Leave No Trace: 5 Ways Your Campsite May Be Impacting the Environment

Whether your favorite camp spot is next to a river, deep in the forest, off a mountain road, or tucked away among a sea of sagebrush, these escapes are places we cherish.

And while there’s no doubt we love and revere these patches of nature, we are constantly reminded by conspicuous, often weathered, signage to “Leave No Trace.” And trust me when I say I don’t doubt that you take these words to heart. But what I can offer are a few tricks and tips that might help you leave less of a trace and make that camping trip a little more epic.


This isn’t exactly as cut and dried as you might think. While food scraps are biodegradable, they may not break down easily. For example, you might be surprised to learn that an aluminum soda can will, in most circumstances, biodegrade more quickly than an orange peel. Why? Because certain environmental conditions are required to initiate the decomposition process, such as moisture and heat.

Think of your backyard compost pile. Add organic material, dried carbon (e.g., grass clippings) and a little water, and voilà, you’ve initiated the biodegradation process. Furthermore, tossing organic material into the bushes with the “don’t worry, it’ll biodegrade” attitude shouldn’t be the way you think of nature. Instead, leave no trace and pack it out! You wouldn’t want to show up at your favorite campsite and find a trail of orange peels leading to your favorite lookout or fishing hole, would you?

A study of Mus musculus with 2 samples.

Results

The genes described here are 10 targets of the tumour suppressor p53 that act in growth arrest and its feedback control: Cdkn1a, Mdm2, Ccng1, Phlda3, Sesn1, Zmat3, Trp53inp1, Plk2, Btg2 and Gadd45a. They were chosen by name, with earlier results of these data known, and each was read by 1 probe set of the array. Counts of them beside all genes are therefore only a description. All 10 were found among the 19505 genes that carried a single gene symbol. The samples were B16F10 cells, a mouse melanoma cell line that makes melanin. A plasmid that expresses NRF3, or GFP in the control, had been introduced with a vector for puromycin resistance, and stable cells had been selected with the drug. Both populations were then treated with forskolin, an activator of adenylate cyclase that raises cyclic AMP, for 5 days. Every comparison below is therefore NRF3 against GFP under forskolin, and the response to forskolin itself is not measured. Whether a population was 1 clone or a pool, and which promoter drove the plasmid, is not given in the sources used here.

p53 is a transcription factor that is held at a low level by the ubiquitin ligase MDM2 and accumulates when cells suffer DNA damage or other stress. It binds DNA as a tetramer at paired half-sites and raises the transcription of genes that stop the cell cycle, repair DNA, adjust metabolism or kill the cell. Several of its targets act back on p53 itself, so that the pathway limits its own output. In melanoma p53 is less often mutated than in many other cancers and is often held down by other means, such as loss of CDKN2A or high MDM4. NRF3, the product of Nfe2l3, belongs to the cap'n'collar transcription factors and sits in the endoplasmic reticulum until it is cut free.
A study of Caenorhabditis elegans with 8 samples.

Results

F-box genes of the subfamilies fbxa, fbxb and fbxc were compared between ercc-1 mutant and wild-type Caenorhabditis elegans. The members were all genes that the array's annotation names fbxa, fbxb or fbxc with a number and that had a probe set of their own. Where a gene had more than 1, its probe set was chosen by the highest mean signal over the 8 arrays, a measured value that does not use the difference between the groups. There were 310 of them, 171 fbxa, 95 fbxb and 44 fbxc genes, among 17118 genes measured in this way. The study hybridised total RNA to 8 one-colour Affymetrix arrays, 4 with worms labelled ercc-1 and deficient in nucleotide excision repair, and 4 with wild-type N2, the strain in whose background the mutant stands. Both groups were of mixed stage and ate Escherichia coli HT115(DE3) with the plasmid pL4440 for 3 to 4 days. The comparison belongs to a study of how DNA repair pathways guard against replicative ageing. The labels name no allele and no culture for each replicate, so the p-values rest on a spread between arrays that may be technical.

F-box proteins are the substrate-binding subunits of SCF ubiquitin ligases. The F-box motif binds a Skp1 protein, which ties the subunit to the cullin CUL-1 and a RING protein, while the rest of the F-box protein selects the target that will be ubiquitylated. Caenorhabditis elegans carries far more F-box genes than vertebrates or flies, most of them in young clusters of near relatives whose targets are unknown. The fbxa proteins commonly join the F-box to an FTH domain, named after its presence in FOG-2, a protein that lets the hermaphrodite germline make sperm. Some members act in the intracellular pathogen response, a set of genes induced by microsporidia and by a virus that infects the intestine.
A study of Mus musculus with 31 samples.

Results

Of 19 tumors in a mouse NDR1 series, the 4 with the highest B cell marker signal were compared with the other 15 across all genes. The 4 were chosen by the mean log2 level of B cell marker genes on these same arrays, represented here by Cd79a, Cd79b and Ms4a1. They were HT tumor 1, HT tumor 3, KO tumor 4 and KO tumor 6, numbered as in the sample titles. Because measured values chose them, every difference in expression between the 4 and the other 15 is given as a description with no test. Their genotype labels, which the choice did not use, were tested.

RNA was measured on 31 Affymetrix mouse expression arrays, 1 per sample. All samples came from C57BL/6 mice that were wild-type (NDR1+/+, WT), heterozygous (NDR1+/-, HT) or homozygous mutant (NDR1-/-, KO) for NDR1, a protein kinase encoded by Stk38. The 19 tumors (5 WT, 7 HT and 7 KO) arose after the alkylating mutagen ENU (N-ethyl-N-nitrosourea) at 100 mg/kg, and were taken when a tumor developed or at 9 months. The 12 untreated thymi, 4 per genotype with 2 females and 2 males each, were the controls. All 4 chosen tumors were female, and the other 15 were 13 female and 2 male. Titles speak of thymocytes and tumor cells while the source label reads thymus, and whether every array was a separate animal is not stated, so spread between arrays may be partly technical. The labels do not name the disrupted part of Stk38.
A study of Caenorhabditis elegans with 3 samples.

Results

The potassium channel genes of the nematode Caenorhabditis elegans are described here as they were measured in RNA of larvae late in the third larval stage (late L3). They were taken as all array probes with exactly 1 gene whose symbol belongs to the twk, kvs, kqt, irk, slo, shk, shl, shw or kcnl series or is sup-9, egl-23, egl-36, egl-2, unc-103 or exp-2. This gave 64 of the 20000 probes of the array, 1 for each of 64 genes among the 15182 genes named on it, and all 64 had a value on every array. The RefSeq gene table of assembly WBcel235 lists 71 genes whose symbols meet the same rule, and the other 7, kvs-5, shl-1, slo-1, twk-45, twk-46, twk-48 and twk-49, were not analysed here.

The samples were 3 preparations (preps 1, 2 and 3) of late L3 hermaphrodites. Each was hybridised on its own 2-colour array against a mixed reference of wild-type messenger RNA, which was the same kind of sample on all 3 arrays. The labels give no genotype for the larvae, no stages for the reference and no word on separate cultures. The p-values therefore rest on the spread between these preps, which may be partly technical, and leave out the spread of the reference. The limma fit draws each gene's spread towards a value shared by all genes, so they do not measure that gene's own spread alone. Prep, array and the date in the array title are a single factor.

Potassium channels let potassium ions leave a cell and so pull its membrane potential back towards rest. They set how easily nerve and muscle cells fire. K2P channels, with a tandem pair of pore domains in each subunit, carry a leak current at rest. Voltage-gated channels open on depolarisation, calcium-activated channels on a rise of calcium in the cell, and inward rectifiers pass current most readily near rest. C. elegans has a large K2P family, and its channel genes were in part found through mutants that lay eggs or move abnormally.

2. Feeding wildlife.

One day you may come across an overly friendly squirrel, curious bear, or mischievous raven, and consider tossing it a scrap of food. Don’t. The best explanation I and other scientists may offer is this: All it takes is one scrap of people food to turn a wild, self-sufficient animal into one that is permanently and often irreversibly hooked on human garbage.

Not only can this shift in behavior lead to the animal’s death—whether it becomes a danger to the public and is shot or is run over by a car—but that animal, if it survives to reproduce, will pass that behavior on to its offspring, which can then trigger a chain reaction through a population just as it has among black bears at Yosemite and Lake Tahoe. Instead, bring some binoculars and watch wild animals acting wild, instead of bringing food scraps to feed and watch sick animals.

To see the full story written by Korduroy.TV producer, Charles Post, on the REI Journal click here.